Jonathan Rauch

Jonathan Rauch | Discussing the Constitution of Knowledge


Rauch grew up in Phoenix in the ’60s and ’70s. During this time, Phoenix was vastly different compared to the urban metro we know today. At the time, Rauch said he looked forward to getting out of his hometown, realizing his sexuality, ethnicity and background all alienated him in the very place he was growing up.

“In the ’60s and ’70s, I didn’t know it at the time, but I was gay, and I turned out to be gay, atheist, Jew, so I knew I didn’t fit in, and at that time, Phoenix was a small, provincial town,” Rauch said. “I was desperate to leave.”

Growing up one house away from Sandra Day O’Connor and within eyeshot of Barry Goldwater’s house, Rauch realized the political ideology of Arizona during that time: libertarian, idiosyncratic, and overall independent of political trends (citing Arizona being the first and only state to reject an anti-gay marriage initiative in 2004).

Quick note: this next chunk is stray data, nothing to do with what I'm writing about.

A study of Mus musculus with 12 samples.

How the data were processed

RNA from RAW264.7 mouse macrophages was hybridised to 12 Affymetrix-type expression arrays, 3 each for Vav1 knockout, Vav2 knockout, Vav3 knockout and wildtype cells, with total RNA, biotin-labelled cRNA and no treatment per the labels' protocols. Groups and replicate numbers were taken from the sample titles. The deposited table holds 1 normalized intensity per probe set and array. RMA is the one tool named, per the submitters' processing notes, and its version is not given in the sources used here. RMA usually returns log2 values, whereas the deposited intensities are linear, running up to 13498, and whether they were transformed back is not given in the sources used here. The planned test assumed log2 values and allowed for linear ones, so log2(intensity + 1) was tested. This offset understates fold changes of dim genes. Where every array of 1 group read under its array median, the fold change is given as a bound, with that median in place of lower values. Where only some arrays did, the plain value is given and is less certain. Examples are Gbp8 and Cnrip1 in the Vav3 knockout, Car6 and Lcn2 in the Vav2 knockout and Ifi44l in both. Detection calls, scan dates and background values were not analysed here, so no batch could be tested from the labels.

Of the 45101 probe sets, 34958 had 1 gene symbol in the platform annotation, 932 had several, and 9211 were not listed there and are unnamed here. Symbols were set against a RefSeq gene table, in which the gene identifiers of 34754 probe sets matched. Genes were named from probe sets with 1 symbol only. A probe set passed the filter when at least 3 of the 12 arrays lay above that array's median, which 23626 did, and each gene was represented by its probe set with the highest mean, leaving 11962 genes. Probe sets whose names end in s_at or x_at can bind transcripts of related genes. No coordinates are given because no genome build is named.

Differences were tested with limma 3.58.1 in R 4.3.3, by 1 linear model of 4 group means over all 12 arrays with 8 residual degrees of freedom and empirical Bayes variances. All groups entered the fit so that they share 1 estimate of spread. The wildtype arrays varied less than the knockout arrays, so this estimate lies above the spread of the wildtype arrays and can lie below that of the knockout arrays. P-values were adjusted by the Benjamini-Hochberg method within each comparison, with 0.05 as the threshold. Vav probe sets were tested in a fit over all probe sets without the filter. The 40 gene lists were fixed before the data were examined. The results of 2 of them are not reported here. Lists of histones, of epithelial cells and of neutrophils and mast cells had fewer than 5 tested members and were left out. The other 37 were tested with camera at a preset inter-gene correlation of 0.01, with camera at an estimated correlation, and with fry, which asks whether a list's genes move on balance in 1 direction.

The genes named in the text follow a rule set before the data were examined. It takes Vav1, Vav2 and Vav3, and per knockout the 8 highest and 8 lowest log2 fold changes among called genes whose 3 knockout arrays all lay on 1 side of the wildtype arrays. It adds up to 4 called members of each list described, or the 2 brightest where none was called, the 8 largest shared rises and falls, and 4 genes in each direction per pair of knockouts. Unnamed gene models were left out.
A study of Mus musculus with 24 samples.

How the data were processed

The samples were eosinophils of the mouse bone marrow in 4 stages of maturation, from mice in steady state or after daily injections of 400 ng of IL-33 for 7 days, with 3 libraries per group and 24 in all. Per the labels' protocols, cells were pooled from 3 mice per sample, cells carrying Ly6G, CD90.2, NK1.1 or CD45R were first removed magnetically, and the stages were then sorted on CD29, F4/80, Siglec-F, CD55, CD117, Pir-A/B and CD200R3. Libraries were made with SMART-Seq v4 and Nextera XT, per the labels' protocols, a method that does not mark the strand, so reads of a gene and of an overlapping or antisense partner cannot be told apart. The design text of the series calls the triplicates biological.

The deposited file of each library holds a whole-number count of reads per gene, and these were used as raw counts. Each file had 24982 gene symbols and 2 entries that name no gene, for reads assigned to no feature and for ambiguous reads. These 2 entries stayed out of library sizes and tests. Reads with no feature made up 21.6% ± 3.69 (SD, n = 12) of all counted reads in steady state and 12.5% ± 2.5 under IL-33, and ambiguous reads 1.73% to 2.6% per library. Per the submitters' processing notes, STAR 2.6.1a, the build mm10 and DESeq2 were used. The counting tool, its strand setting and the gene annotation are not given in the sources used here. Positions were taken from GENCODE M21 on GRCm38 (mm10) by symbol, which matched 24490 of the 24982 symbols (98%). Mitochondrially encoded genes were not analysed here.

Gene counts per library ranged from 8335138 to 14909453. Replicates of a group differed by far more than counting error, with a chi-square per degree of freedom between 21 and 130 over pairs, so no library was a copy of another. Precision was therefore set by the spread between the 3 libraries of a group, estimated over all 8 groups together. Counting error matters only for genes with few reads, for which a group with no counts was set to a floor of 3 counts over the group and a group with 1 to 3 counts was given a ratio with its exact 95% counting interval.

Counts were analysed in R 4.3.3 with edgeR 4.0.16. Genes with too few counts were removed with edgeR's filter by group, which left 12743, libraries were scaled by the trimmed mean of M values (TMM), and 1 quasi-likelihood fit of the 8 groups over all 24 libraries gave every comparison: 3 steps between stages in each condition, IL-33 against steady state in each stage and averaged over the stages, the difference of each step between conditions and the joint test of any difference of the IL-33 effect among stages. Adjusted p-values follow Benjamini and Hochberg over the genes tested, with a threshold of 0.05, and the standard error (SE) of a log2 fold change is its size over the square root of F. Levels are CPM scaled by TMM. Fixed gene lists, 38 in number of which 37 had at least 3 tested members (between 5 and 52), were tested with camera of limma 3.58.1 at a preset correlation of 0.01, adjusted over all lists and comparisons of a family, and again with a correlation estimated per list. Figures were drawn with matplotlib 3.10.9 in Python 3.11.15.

“It took moving away for me to understand how deeply and positively I was influenced by living in Arizona,” Rauch said. Rauch credits his intellectual independence to growing up in the Southwest.

While observing Arizona, Rauch saw a changing political landscape in real time, from the religious right, to Goldwater conservatism, to extremism pushing Republicans to the center of the spectrum, Rauch wrote his book highlighting his own intellectual independence, which was highly encouraged while he was growing up.

The Constitution of Knowledge: A Defense of Truth, is about the vitality of the marketplace of ideas and free speech, and yet, it’s not enough.

“We need structure,” Rauch said, to avoid a “cacophony of opposing views.”

As the discussion continued, Rauch dove into his book, and the foundation of the American constitution aligning with structures and institutions to guide a true democracy.